Way before the craze for endless variations of American Idol, The Voice and other Got Talent casting programs started taking over the world, German-speaking authors had their own idiosyncratic talent show: the Festival of German-Language Literature — better known in German by the name of its main award, the Ingeborg Bachmann Prize.
But the event, which started in 1977 and is held annually in Klagenfurt, Austria, is definitely not a flashy show with top models, song and dance, but a rather dry celebration of literature.
Hoping to become the Next Top Author, each competing writer reads one of their unpublished texts for 25 minutes to the camera.
The entire reading is filmed in real time, without any special effects, cutaway images or dramatic soundtrack.
The reading author simply sits at a table with the jurors; normally, a live audience is also part of the event. (The pandemic led to an online version of the event in 2020 and a hybrid version this year.)
Just like modern casting shows, the members of the jury react to the text right after the author's "performance." But, instead of summarizing their opinions in one or two snappy sentences, they, too, spend about 25 more minutes dissecting the content of the text.
Berlin-based British author Sharon Dodua Otoo won the Ingeborg Bachmann Prize in 2016 for her first short story in German
With 14 authors taking part now, the event is a three-day reading marathon that feels completely anachronistic in the age of TikTok-length clips and countless other Bookstagrammers competing for attention.
Yet, in the German-speaking literary world, it remains an influential happening — despite its extremely poor TV ratings.
Trying to convey a sexiness that probably only exists in the eyes of a very niche audience, one newspaper dubbed the Bachmann Prize the "Deluxe Tinder of the publishing sector."
Indeed, many authors can expect to land publishing deals following their participation in the festival. Different winning authors, such as Katja Petrowskaja and Emine Sevgi Özdamar, gained international acclaim through English-language translations of their texts following the competition.
And the prize money is spectacular in itself.
The Ingeborg Bachmann Prize, handed out for the 45th time this year, is currently endowed with €25,000 ($30,300). Through various other prizes, a total of €62,500 is up for grabs at the festival.
The award was named after Austrian poet and author Ingeborg Bachmann, who was born in 1926 in Klagenfurt, where the festival is held.
One of the vanguard luminaries of the postwar literary scene, Bachmann explored through poetry and prose topics such as women's emancipatory struggles, imperialism and fascism; her essays and public speeches looking into the role of the writer and literature became just as famous.
Her myth was reinforced by her early and mysterious death in 1973. While being treated for burns following a cigarette-induced fire, she experienced extreme withdrawal symptoms, as doctors did not realize the magnitude of her addiction to barbiturates. She died shortly afterward.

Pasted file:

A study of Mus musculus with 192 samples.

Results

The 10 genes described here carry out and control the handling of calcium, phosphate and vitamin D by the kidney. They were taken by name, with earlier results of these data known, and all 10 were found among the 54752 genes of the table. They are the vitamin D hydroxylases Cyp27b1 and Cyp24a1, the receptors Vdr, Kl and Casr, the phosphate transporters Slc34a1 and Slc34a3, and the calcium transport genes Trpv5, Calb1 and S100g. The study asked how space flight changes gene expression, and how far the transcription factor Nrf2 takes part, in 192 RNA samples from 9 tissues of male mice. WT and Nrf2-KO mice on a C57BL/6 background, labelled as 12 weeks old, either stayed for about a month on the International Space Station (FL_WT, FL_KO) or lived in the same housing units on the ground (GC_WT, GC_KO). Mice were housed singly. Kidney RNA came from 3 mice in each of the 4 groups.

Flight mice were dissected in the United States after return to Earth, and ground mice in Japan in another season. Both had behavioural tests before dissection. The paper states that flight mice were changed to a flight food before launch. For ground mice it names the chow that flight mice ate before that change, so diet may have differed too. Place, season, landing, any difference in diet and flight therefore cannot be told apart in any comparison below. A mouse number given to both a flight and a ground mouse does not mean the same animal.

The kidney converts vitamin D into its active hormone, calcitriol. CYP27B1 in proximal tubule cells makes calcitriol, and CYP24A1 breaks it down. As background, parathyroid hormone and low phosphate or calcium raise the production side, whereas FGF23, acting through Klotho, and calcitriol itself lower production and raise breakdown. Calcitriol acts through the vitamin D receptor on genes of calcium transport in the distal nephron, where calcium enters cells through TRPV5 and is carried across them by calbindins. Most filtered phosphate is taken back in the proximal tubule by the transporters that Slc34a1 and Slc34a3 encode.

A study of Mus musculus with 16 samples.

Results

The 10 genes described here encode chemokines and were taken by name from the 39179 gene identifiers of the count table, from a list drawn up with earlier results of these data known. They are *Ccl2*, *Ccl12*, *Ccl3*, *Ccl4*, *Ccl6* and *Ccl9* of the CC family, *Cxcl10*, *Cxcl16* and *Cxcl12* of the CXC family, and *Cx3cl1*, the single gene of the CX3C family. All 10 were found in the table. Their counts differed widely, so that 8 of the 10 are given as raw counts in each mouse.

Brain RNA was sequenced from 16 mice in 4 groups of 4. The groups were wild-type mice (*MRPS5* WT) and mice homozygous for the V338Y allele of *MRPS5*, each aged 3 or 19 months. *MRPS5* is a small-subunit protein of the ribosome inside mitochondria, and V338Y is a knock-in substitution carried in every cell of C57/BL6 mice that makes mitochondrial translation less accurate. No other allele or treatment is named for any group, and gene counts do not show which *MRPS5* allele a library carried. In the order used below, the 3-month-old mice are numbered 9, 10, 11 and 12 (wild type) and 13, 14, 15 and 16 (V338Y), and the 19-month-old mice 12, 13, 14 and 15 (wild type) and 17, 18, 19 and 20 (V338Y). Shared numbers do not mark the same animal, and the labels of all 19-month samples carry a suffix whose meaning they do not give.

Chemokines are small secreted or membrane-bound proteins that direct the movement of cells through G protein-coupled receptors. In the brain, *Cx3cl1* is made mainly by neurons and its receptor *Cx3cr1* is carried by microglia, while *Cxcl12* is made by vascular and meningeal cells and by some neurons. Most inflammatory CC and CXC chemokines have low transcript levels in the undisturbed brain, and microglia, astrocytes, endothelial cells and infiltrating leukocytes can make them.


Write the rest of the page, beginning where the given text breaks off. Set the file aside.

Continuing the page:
Bachmann was one of the prized authors of the Group 47, an influential literary circle whose informal meetings were the predecessor of the Festival of German-Language Literature.
At those meetings, promising authors were invited to read manuscripts that had not been published yet, followed by a critics' discussion.
With milestone works such as Günter Grass' The Tin Drum emerging from the gathering, the group became one of the most authoritative literary institutions of the Federal Republic of Germany.
One of the group's most prominent critics, Marcel Reich-Ranicki (1920-2013), who later became known as the "pope of literature" in Germany, was also on the original jury of the Ingeborg Bachmann Prize.
His emotional and razor-sharp assessments shaped the tone of the jury's discussions. He was also the one who had ruled from the outset that authors would not be allowed to reply to the jury's criticism, leaving them sitting there, silently receiving the at times humiliating comments.
The first victim was Karin Struck (1947-2006). Reich-Ranicki tore apart her text in the event's opening year in 1977: "Who's interested in what women think, what they feel, while they are menstruating? That's not literature, but a crime." The author left the TV set in tears.
The event is therefore known in the media as a yearly gathering of the "literary sadomasochist scene" — even though jurors have since adopted a more factual approach.
The festival was conceived from the start as a televised event for Austria's national public service broadcaster, ORF. It is therefore not surprising that the decades-old format feels somewhat outdated. Still, attempts to modify it too drastically are bound to be met with fiery criticism as well.
In 2013, ORF announced that the festival would not continue, citing budget cuts. But facing protests, sponsors were found to keep the competition alive.
A bloody Rainald Goetz reading his text in 1983
Over the years, some authors have tried to pep things by turning their reading into a headline-grabbing event.
In 1983, German author Rainald Goetz infamously slit his own forehead with a razor blade upon reading the words "you can have my brain," and kept going as blood ran down his face and covered his text.
Swiss author Urs Allemann caused a scandal in 1991 by presenting a text called Babyfucker, which was seen as trivializing pedophilia.
And the Austrian Philipp Weiss literally ate his manuscript in 2009.
But even though those cases are frequently cited in pieces revisiting the history of the festival, those authors didn't even pick up the main prize.
As past winners show, authors generally win without any antics, but simply with a strong text.
Readings of the 45. Festival of German-Language Literature are held from June 17-20.